Improved technology has paved the way for a whole new level of understanding with better imaging. Over the last year, researchers have announced the discovery of two "new" organs in the human body! With new discoveries come new understanding about our bodies and how they work, which may also lead to breakthroughs in disease treatment and prevention.
Up until recently, doctors saw the mesentery as little more than a few separate patches of tissue that held the gut in place. Better imaging has revealed, however, that the mesentery is a single, interconnected structure. This closer look was enough to reclassify the tissue as an organ, sending researchers to consider what else they may have overlooked and what other jobs this organ may have.
If the mesentery is in fact an organ, then it is likely to have functions that go beyond gut structural integrity. Researchers are currently investigating its possible role in bowel disorders like colorectal cancer, inflammatory bowel disease and diverticulitis. The mesentery may even play a part in the development of cardiovascular disease, diabetes, obesity, and metabolic syndrome.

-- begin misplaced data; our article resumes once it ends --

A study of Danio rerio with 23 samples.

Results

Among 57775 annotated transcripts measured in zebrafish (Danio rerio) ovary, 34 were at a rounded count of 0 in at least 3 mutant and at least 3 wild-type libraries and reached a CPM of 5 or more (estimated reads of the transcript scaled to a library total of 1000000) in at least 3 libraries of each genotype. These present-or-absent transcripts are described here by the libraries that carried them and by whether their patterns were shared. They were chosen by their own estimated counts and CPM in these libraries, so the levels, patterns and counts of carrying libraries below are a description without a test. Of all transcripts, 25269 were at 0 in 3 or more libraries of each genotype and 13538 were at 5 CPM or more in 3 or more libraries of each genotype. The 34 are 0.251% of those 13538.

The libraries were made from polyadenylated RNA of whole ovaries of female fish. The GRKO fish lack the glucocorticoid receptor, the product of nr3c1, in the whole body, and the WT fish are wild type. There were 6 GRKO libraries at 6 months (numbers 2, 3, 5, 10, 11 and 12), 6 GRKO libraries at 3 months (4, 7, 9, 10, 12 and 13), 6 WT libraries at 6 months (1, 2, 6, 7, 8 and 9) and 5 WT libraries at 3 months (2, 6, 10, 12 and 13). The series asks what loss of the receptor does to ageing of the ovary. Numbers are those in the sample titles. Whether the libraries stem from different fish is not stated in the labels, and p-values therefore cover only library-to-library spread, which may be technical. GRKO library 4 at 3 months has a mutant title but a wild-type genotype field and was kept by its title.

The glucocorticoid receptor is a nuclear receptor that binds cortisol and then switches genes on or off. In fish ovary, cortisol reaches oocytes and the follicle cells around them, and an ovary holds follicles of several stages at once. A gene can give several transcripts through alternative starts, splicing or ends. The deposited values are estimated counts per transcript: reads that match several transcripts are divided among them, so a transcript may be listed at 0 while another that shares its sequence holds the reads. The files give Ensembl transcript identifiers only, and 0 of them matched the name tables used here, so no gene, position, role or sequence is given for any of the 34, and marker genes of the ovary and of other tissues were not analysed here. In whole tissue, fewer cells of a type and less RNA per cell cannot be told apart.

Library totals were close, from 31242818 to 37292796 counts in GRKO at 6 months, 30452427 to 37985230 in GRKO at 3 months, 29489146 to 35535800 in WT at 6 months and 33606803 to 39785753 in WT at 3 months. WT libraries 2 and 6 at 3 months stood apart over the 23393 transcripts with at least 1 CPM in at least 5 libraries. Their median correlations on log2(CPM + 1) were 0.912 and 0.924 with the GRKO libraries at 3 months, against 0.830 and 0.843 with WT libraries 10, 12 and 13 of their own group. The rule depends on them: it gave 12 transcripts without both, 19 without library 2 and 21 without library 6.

The interstitium is a layer of connective tissue that lines the skin, muscles, and some vital organs. It's been known about for centuries and acts as a buffer against strains that come with movement, allowing you to twist and stretch without damaging your organs and muscles. A chance discovery during a routine endoscopy led to re-examination of that connective tissue and it was found that it was actually a systemic structure serving multiple functions—and this led to the interstitium being reclassified as an organ.
Researchers believe the interstitium may play a role in the progression of certain inflammatory diseases, and even how the body ages. It might also, unfortunately, act as a highway for cancer cells to enter the lymph system to spread to other areas of the body.
Better imaging, combined with keener looks at longstanding approaches, have led to new ways of defining old systems in the human body. With greater understanding of how these overlooked organs function, researchers might discover novel new approaches to illness, aging, and possibly even cancer prevention and treatment.